TL;DR – Holy. Wow.
(Note: this review is for the audiobook version.)
Had I come across The Immortal Rules on my own, chances are that I would not have purchased it due to a few key elements: YA, vampire, love story, dystopian future. I’ve read too many not-great things with similar elements to want to seek them out any longer. However, one of my lovely readers inadvertently recommended this book to me, stating that if someone liked The Immortal Rules, they would like my little book. Naturally, I had to see for myself.
I’m SO glad I did! You know how some stories stay with you even after you read the final word? Yeah, this is one of them. The story is told from the POV of Allison, a 19 year-old girl living in a “vampire city,” surviving by the skin of her teeth in a brutal, dystopian future. Events occur, and she is transformed into the thing she hates most of all: a vampire. More events occur, and she finds herself trying to blend in with a small band of human pilgrims searching for their promised land.
The characters feel genuine, each with their own strengths, weaknesses, goals and attitudes. I loved Allison, our narrator. She was scrappy, smart, and almost painfully pragmatic at times, (I mean that in a good way!), but she grew and developed as the story progressed. Kanin, Allison’s vampire “teacher,” was fascinating in a cold, almost Spock-like manner. (I won’t say more for fear of spoilers. 😉 Zeke, the “love interest” of the story, has his own agenda and his own arc, which is beautifully done. His and Allison’s friendship-turned-relationship had me wringing my hands, dying to know “what happens next?!”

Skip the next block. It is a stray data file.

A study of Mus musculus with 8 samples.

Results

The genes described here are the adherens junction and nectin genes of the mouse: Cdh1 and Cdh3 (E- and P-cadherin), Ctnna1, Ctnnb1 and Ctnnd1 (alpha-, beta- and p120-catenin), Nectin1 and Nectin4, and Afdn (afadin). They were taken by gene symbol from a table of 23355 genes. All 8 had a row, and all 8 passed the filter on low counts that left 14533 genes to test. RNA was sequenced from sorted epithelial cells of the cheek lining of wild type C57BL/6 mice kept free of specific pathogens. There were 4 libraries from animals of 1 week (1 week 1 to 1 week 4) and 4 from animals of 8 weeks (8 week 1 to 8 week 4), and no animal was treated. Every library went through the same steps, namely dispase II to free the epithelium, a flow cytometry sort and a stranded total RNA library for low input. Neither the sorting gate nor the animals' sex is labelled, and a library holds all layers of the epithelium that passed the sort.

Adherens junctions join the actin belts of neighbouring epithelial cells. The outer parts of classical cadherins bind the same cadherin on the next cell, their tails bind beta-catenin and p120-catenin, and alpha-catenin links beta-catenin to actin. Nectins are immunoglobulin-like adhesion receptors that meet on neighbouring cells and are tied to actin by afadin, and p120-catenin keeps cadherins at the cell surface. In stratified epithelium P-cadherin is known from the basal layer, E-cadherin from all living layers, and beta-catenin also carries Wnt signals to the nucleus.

A big part of this story revolves around Allison learning to control the “demon” within, ie: the predatory vampire. Zeke plays a huge role in that. It’s lovely – in a sort of heartbreaking way – to watch Allison struggle with her conflicting “hungers.”
For the most part, the baddies in the story are slightly one-dimensional, but I think it’s because they don’t get much screen time. There is a very gray character named Jeb who could be considered an antagonist at times, though his motives are clear and completely understandable. Most villains think they are the heroes of their own stories anyway. I wouldn’t call Jeb an antagonist, per say; he’s much more nuanced than that. In any case, he was intriguing to watch. (Though there were times I wanted to smack him!)
Moving onto the worldbuilding, I was riveted by the descriptions of this bleak future, where a “rabid virus” has knocked out the majority of the human population. So, not only do vampires want to eat humans, but former-humans-turned-rabid also want to eat humans. I liked the third party angle; it wasn’t just “vampires vs. humans.” That conflict brought more depth to the story and the characters, and made for some exciting reading.
Kagawa’s take on vampires was fantastic. She blended a mix of common legends and some of (I believe) her own ideas to create something fresh, interesting, and wholly believable. (I’m already writing fanfiction in my head!)
WRT the audiobook, Therese Plummer did a phenomenal job, not just with Allison’s voice, but with every voice – even the men. (That can be hit or miss, sometimes.) I particularly loved the resonance in Kanin’s dialog.
Overall, I could tell that so much love, care, and devotion went into this work. It was a joy to read. (Or…listen to, I guess!) Do yourself a favor and read this book!